Barclays Rolls Out New ETN: S&P 500…With A Twist

by on September 1, 2010 | Updated November 8, 2012 | ETFs Mentioned:

Barclays rolled out the latest addition to its line of ETNs, launching the S&P VEQTOR ETN (VQT). The new exchange-traded note will saddle the line between active and passive; it is linked to the S&P 500 Dynamic VEQTOR Total Return Index, a benchmark that provides broad equity market exposure with an implied volatility hedge by dynamically allocating its notional investments among three components: equity, volatility, and cash [see Free 7 Simple & Cheap All-ETF Portfolios].

The equity component of the underlying index is represented by the S&P 500 Total Return Index, while the volatility component consists of the S&P 500 VIX Short-Term Futures Index. The investment thesis behind the new ETN is this: equity market volatility tends to exhibit a negative correlation with performance of equity markets. So the underlying index will allocate a greater portion of its notional principal to equity markets (i.e., the S&P 500) during periods of low volatility and a greater portion to volatility futures during periods of high volatility.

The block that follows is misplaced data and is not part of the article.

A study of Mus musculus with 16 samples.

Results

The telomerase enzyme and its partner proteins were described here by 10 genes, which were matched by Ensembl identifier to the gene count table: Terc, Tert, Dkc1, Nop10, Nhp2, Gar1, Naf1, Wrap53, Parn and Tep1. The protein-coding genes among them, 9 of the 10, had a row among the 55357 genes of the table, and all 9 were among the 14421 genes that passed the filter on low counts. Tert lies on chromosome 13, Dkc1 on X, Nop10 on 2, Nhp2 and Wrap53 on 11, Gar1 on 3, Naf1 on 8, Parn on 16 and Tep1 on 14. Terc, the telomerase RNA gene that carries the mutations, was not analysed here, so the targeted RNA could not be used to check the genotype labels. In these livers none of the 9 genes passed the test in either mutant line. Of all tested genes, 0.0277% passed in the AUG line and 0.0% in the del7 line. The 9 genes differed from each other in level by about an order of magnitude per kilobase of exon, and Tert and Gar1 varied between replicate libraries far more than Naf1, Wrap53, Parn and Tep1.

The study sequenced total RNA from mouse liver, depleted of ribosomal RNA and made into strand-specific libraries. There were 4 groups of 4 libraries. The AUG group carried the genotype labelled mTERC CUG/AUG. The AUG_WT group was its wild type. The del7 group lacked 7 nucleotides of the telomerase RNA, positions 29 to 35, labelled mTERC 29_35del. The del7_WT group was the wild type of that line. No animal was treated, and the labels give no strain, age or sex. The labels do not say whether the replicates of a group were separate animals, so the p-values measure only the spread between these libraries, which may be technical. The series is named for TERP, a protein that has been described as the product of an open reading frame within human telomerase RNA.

In addition, the index maintains a “stop loss” mechanic that shifts the entirety of the index to cash under certain circumstances. That mechanism would kick in if the underlying index has lost 2% or more of its value over any five consecutive business day period [For updates on all new ETFs, sign up for the free ETFdb newsletter].

The allocation between volatility and equities will depend on both the realized volatility and the presence of a volatility trend.With realized volatility of less than 10% and no volatility trend, the allocation to equity can go as high as 97.5%. If realized volatility spikes to more than 45% and an implied volatility uptrend is present, the equity allocation will drop to 60%.

So VQT is essentially a combination of SPY and VXX–the ETN from iPath linked to an index consisting of short-term VIX futures–with the allocations to these two asset classes changing based on market conditions. The new ETN offers a way for investors to maintain broad exposure to U.S. equity markets while hedging against a downturn. VQT should exhibit lower volatility than SPY, trailing behind the S&P 500 SPDR during bull markets but delivering better returns when markets slump. That’s because the correlation between the volatility and equity components of the index is close to -1.0 [see Guide To Volatility ETNs].

VQT will charge an expense ratio of 0.95%.

[Read more about VQT on the fund fact sheet, and see Actionable ETF Trading Ideas].

Disclosure: No positions at time of writing.